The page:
Satire is often difficult. The following piece is taken from the Egyptian Daily News, but would not be out of place on satirical website Koshary:
By Ethar El-Katatny /Special to Daily News Egypt
March 5, 2011, 1:34 am
HELWAN, Egypt: Inside the gated compound of Katameya Heights, where ex- Prime Minister Ahmed Shafiq lives, around 1,000 people gathered to express their gratitude and support for him.
Chanting “We love you Shafiq” and “Shafiq for president,” the supporters, also residents of the upscale Katameya Heights and nearby compounds, were vehement in their assertion that the protesters in Tahrir do not represent them.
“There are lots of us here who didn’t even want Shafiq for prime minister,” says Aghraid Amin, a marketing manager at NGO Misr El-Kheir. “But they came because they are incensed that the opinion of those in Tahrir is forced upon all of us. We don’t want a dictatorship from Tahrir. Where is the democracy?”
A microphone went around and Shafiq listened to supporters expressing their opinion for over an hour, asking him for everything from starting a political party to running for president.
“The people in Tahrir are louder than us,” screamed one protestor, holding up a sign saying ‘Egypt is not just Tahrir.’ “But they don’t represent us all,” she said.
Dressed in a woolen vest, Shafiq handed her an apple juice from those being handed out: “I thank you for coming and for lifting my head up high,” he said, as he accepted flowers from supporters.
In response to those who asked him to start collecting signatures to form a political party, Shafiq refused to elaborate.
“There is no way I will be using this day to benefit politically. It’s not about Tahrir or not Tahrir. Egypt is one. What the majority wants should happen. I have relatives in Tahrir. Egypt now is about freedom of speech.”
After an hour of listening to people’s demands, Shafiq headed home.
Standing next to a parked car, Sayed Abdel-ba’y, a 42-year-old driver, told Daily News Egypt: “The people here are the elite of Egypt. But even so, I’m with them now. I was in Tahrir, but over the past 10 days I stopped supporting the demands. Shafiq is a good person and we should have given him a chance.”
For those not really familiar with Egypt: Kattameya Heights is a very select compound on the outskirts of Cairo, where the last prime minister appointed by former president Hosni Moubarak, general Ahmed Shafiq, lives. I think Moubarak’s elder son Alaa also used to live there, but I am not certain. And that Ahmed Shafiq should be so popular in Kattameya Heights is hardly surprising: that compound is among the string of luxury communities surrounding Cairo, built during the last 10 to 15 years, and benefiting businessmen and real estate ventures standing close to Moubarak and his clan. And Ahmed Shafiq was a régime insider: air force chief of staff 1991-96 and then air force commander 1996-2002, he was minister for civil aviation from 2002 till Moubarak appointed him prime minister on January 31 this year. The infamous State security police, mainly responsible for the repression under Moubarak’s reign, clearly felt they had lost a friend when he resigned this Thursday, March 3 – they set about to put their archives on fire in various cities around Egypt – Alexandria and Cairo (Nasr city, 6th of October and Dokki), only to be partly prevented by protesters and the military (see Zeinobia’s coverage here).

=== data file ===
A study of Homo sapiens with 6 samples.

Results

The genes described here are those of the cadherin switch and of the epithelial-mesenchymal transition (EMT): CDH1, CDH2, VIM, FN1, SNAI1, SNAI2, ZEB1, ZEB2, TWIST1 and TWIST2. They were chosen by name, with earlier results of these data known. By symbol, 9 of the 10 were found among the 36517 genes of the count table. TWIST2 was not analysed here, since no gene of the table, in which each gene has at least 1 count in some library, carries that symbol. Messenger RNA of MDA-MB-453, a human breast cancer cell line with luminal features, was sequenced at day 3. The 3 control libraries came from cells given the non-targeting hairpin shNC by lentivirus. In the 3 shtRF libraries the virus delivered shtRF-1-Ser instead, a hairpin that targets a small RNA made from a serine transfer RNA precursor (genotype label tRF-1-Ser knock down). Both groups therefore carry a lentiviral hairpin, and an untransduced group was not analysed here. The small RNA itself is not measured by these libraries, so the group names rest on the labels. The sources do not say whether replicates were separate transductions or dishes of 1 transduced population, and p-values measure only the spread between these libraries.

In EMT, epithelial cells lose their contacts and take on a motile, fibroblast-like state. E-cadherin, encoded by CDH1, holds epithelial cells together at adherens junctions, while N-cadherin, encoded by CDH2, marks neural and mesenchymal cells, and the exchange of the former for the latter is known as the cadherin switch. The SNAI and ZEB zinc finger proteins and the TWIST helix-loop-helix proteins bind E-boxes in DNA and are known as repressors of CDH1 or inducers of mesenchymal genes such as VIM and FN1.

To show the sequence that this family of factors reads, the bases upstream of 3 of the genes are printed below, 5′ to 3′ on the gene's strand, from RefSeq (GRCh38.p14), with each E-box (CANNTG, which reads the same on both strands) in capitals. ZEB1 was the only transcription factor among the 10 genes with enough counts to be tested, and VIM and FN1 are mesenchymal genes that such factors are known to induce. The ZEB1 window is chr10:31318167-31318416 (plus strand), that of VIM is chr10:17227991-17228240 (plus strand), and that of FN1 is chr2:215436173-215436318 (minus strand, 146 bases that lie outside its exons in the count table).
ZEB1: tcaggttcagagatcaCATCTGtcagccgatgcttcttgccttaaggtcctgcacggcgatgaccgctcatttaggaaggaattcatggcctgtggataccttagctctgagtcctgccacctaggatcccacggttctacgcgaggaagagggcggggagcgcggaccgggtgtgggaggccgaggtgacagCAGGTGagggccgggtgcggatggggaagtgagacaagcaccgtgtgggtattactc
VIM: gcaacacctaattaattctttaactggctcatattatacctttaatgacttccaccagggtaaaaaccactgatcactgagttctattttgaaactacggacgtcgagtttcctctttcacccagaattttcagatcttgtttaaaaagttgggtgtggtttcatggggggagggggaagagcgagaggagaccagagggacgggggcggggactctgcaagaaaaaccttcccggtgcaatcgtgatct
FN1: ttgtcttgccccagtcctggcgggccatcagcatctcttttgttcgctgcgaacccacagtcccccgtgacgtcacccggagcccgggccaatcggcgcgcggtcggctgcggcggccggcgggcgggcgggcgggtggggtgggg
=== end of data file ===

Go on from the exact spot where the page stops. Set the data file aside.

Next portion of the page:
This speculative bubble (see also this interesting article in Swiss Le Temps) is thus also a political bubble: invited yesterday at Seasons’ country club in the Gerana compound along Alexandria Desert Road, a friend and I joked how far that place was from the spirit of Tahrir. Maybe Koshary weren’t wrong after all:
In an admirable effort to end class segregation in Egypt, residential compounds in El Sheikh Zayed City have united their borders and declared themselves an independent nation. The name of the new country on the western outskirts of Cairo is yet to be announced, though rumours suggest the contending names are Eliteland, Etiquettestan, and the more descriptive République des Villas et Piscines.